Labour criticises police and crime commissioner elections as Tory candidate Angus Macpherson wins Wiltshire contest

 

Voters were not given enough information about the police and crime commissioner elections, Labour claimed today as turnout was expected to be as low as 10% in some areas.

Shadow home secretary Yvette Cooper said the elections for the new commissioners had descended in to a shambles, with many voters taking to Twitter to describe the low turnout at their polling stations.

In Wiltshire, the first force area to declare, the overall turnout was 15.8% as Tory candidate Angus Macpherson, a magistrate, won after a second round of voting ahead of Labour's Clare Moody.

But in parts of the county, the turnout was much lower. In Trowbridge, it was as low as 10.95% according to unofficial counting, while in Devizes it was 10.41%.

This morning Labour criticised the Government for not doing enough promote the elections.

Ms Cooper said: "We warned the Government repeatedly that they had the wrong approach and that turnout would be low. Theresa May and David Cameron didn't listen and it is shocking that they have spent £100 million on these elections rather than on 3,000 police constables instead.

"Time and again on the doorstep people told us either they didn't have enough information, didn't know the elections were happening, didn't support them or didn't want to go out in the dark to vote."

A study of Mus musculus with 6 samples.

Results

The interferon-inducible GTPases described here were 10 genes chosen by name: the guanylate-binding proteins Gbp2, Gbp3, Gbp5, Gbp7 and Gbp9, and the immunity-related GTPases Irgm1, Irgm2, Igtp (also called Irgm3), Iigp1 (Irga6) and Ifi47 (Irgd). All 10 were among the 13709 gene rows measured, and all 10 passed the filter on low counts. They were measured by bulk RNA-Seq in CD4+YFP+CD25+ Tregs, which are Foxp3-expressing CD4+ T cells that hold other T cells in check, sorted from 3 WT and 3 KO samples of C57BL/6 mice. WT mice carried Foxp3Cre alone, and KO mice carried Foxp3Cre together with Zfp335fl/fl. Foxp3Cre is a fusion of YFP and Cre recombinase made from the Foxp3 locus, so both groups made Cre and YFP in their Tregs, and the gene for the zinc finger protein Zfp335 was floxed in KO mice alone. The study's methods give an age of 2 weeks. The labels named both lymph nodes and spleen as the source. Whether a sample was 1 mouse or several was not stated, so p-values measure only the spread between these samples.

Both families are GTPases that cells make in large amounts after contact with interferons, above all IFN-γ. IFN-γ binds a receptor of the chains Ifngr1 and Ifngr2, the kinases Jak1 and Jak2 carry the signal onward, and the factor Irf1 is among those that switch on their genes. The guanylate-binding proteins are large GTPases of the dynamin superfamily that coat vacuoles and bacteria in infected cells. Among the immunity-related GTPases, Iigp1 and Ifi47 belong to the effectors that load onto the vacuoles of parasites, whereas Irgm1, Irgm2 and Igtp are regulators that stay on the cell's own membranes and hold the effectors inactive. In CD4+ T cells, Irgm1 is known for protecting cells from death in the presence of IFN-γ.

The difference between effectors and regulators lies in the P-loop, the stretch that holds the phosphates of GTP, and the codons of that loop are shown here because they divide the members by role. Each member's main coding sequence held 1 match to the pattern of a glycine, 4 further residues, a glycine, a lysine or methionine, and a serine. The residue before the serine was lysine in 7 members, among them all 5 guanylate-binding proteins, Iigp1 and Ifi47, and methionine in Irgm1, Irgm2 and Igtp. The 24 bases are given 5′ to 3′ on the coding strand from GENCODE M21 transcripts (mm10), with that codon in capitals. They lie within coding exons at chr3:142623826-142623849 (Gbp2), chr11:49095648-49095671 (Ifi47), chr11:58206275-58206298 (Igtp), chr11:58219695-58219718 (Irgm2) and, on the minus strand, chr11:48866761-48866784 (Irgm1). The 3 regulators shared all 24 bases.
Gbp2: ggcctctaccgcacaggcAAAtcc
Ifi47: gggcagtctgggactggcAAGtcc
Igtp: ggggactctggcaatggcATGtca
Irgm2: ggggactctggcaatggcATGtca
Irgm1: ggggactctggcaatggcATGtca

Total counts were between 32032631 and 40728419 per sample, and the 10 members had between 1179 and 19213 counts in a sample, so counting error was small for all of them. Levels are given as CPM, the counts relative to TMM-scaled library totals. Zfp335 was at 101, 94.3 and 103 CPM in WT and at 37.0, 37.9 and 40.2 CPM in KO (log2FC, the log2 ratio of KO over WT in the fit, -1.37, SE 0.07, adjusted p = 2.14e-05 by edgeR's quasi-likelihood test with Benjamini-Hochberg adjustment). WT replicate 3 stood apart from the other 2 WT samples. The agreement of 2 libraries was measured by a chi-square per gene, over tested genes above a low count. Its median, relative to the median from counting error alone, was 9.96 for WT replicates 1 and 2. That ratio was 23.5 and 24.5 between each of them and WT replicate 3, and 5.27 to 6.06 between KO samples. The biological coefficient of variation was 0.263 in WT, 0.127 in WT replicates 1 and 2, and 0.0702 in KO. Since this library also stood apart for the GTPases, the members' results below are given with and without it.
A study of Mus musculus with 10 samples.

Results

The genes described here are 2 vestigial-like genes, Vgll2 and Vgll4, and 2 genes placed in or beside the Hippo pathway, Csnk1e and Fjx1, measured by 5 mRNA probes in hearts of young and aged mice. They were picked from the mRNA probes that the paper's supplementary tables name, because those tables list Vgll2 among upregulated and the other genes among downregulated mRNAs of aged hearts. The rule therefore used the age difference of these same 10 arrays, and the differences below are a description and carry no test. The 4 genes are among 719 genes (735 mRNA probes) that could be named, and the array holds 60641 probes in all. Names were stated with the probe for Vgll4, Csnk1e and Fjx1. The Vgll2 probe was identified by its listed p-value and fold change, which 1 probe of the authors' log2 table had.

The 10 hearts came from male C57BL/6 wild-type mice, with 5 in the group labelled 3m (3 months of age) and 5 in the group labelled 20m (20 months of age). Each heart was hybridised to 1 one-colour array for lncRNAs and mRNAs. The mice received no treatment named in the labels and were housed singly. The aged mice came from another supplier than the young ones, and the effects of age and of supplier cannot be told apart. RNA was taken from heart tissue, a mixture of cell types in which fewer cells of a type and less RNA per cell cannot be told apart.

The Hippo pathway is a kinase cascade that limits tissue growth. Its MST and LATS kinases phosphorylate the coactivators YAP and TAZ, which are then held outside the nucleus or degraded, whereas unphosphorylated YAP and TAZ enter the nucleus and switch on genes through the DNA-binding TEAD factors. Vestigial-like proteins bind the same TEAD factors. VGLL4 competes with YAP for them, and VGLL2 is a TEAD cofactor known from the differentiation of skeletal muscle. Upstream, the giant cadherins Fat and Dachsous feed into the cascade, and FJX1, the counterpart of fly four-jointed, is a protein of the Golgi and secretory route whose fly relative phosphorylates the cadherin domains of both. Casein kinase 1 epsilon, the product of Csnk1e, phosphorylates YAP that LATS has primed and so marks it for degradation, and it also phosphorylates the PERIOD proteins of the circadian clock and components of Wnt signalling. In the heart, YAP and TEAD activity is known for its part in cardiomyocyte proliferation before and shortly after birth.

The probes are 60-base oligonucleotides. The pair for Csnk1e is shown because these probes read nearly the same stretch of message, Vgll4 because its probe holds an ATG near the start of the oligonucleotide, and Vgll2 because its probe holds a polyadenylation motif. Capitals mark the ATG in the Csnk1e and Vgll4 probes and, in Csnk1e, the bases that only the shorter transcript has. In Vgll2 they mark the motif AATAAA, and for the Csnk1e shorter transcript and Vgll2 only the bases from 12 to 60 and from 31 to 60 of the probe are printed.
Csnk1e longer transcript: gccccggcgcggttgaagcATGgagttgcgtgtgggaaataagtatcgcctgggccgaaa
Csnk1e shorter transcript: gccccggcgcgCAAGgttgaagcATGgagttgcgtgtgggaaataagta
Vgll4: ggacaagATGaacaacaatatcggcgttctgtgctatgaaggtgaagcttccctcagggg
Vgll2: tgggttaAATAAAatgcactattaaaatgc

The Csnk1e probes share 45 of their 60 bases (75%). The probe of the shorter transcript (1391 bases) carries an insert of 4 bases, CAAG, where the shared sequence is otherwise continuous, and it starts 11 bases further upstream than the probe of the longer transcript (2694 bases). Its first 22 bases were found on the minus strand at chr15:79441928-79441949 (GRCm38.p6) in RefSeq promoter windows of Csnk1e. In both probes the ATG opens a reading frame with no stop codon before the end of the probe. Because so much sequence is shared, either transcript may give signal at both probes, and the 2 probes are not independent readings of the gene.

In the most radical shake-up of the service for half a century, the new commissioners, who are expected to earn up to £100,000 a year, will control police budgets, set priorities and have the power to hire and fire Chief Constables.

Elections are being held in 41 police areas outside London. The Electoral Reform Society predicted a turnout of 18.5%, which would be below the previous record low in a national poll in peacetime of 23% in the 1999 European elections.

The society's chief executive, Katie Ghose, said: "This election has been a comedy of errors from start to finish.

"The Home Office has operated under the assumption that 'if you build it they will come'.

"Democracy just doesn't work that way.

"There have been avoidable errors at every step, and those responsible should be held to account."

Critics claim the police reforms will lead to the politicisation of the service, with police and crime commissioners (PCCs) championing populist measures at the expense of less headline-worthy initiatives.

Although the commissioners will be there to hold the force to account, opponents fear they will attempt to interfere with day-to-day operational matters.

But supporters insist they will improve accountability among police forces and make them more aware of the priorities of local demands.

Home Secretary Theresa May argues that the commissioners will become the "voice of the people" and will be "visible, accessible and accountable".

Some 54 of the 192 candidates standing are not linked to a political party.